Part 1: Guest blogger and Mindfulness course participant, Joolz Joseph blogs about the festive period and how she was able to re-engage with her practice.
Enjoy! Ruth Farenga, Founder and Mindfulness Teacher, Mindful Pathway
How did Christmas affect you? The lack of routine, the craziness of family, buying presents, condensing work meant there so many hats to juggle!
I finished the Autumn Mindfulness course energised, enthusiastic and optimistic about the balance in my life accompanies by my daily meditations. I downloaded the Insight Timer app, found a couple of new meditations and kept going with favourites from the course. I was on a roll!
As December descended upon me, my intentions slowly unravelled. Routine slipped between snow days, sickness bugs, school plays and imposing deadlines. My resolve eroded gradually, I became so very tired and my practise time diminished a little each day as I made way for other ‘important’ things.
It didn’t take long, but one day as I was getting my children ready, my daughter piped up ‘Mummy, why are you shouting so much again?’.
It was like a giant lightbulb went off between my eyes! I gently kissed her and took myself off for a breathing space. As I breathed deep, the tension ebbed from my body, and I got a familiar sensation, like meeting an old friend. When I came back, I felt calmer and more centred, even just from those few minutes. (Even better the children had both got themselves ready!)
My first reaction was guilt, for the shouting at my children, letting myself down and not sticking to my guns. After the school run I put off my calls and sat down to do a longer practise, which I had expected to be more satisfying but instead was actually quite frustrating.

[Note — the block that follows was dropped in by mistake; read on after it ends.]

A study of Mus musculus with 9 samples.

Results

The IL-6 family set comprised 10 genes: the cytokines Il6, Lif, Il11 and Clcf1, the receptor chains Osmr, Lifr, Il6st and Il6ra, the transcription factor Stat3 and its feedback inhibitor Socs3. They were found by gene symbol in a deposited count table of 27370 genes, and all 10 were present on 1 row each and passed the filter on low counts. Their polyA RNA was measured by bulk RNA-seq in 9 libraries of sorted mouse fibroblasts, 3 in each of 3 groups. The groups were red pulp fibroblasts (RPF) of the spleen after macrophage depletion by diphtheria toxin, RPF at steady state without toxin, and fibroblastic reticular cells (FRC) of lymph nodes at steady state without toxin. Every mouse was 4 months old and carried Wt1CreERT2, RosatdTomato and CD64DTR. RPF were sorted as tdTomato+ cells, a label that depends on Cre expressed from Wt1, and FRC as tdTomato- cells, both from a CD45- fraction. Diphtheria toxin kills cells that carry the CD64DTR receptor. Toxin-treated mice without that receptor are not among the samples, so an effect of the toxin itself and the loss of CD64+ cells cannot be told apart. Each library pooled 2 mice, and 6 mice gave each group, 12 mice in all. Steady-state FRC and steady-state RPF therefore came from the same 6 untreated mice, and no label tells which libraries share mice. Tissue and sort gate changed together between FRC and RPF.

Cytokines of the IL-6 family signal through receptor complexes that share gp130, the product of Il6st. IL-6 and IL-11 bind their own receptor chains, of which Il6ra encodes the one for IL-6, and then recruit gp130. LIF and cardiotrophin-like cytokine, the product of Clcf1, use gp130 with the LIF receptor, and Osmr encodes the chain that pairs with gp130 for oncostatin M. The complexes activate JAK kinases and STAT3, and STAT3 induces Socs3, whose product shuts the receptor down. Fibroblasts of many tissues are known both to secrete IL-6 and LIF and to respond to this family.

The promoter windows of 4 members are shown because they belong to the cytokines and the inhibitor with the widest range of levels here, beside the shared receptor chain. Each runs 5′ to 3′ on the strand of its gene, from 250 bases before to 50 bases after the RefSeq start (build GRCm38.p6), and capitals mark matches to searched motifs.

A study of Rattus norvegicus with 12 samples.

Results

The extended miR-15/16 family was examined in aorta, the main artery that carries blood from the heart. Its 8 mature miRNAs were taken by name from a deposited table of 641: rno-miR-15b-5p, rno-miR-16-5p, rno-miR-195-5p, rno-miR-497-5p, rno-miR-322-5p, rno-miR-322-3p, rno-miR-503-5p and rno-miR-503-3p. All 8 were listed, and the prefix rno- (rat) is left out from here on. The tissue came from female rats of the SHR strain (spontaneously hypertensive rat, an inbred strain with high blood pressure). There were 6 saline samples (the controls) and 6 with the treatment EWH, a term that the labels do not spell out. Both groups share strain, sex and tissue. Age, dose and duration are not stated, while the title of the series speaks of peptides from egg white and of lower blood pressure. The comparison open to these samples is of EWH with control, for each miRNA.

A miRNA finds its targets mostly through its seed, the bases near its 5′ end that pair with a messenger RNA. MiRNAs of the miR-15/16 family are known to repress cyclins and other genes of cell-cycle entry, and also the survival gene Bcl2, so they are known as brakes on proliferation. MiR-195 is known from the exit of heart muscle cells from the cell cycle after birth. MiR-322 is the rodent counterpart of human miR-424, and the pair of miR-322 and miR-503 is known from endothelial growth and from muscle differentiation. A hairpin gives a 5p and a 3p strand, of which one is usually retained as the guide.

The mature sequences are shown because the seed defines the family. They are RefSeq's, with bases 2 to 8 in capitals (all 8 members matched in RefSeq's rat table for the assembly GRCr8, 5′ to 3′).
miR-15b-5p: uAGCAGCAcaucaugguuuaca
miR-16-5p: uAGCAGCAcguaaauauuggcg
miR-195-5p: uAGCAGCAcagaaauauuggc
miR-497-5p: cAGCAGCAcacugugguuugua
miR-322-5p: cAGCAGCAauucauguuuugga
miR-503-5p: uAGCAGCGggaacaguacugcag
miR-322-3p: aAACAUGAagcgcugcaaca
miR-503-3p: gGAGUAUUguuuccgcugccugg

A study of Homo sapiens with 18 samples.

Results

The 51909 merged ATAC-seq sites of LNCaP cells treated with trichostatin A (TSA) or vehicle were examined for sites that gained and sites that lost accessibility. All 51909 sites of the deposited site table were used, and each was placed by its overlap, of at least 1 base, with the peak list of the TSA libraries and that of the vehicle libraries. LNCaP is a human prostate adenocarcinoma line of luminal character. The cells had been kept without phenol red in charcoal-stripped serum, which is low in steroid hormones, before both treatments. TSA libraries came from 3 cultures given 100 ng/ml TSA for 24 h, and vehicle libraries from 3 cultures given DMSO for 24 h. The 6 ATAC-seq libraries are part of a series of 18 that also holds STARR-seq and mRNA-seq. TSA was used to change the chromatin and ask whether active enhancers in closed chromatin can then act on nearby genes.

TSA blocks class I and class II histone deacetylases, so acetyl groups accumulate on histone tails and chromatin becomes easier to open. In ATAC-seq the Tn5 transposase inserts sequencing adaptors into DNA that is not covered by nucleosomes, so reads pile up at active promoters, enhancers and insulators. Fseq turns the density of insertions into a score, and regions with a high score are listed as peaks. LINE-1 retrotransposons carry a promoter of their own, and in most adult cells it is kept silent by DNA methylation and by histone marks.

Later that day a reminder popped up on my phone. I was in-between things workwise, so decided to try again. Afterward, I felt great, grounded, centred and more connected than ever.
The difference, I realised was the lack of expectation and pressure on myself to achieve something with the meditation. Non-striving is a fundamental attitude of mindfulness and in trying to achieve something that morning, I was blocking my ability to accept things as they were.
Jon Kabat-Zin spoke about an impatient child so desperate to see the butterfly in a transforming caterpillar they open the pupae. Life must happen in its own time and sometimes the very act of trying to create a situation ensures its failure.
Whilst working towards a goal is important in many aspects of our lives, trying to do this when meditating defeats the purpose. We are only opening ourselves up to be disappointed or frustrated so non-striving is a key foundation in Mindfulness.
By accepting things as they are (and practising self-compassion when we don’t achieve what we want) we can improve our satisfaction with ourselves and our lives.
I was reminded that Mindfulness isn’t about aiming for a particular feeling, it is about connecting with who we are and how we feel. It is about being in the moment, acknowledging and accepting and allowing things to be just the way they are.
Coming back to Mindfulness in this way without expectation (as best I can), I feel is key to allowing myself to deepen my practice. Releasing pressure and gently beginning again – being curious and gentle – now that is powerful.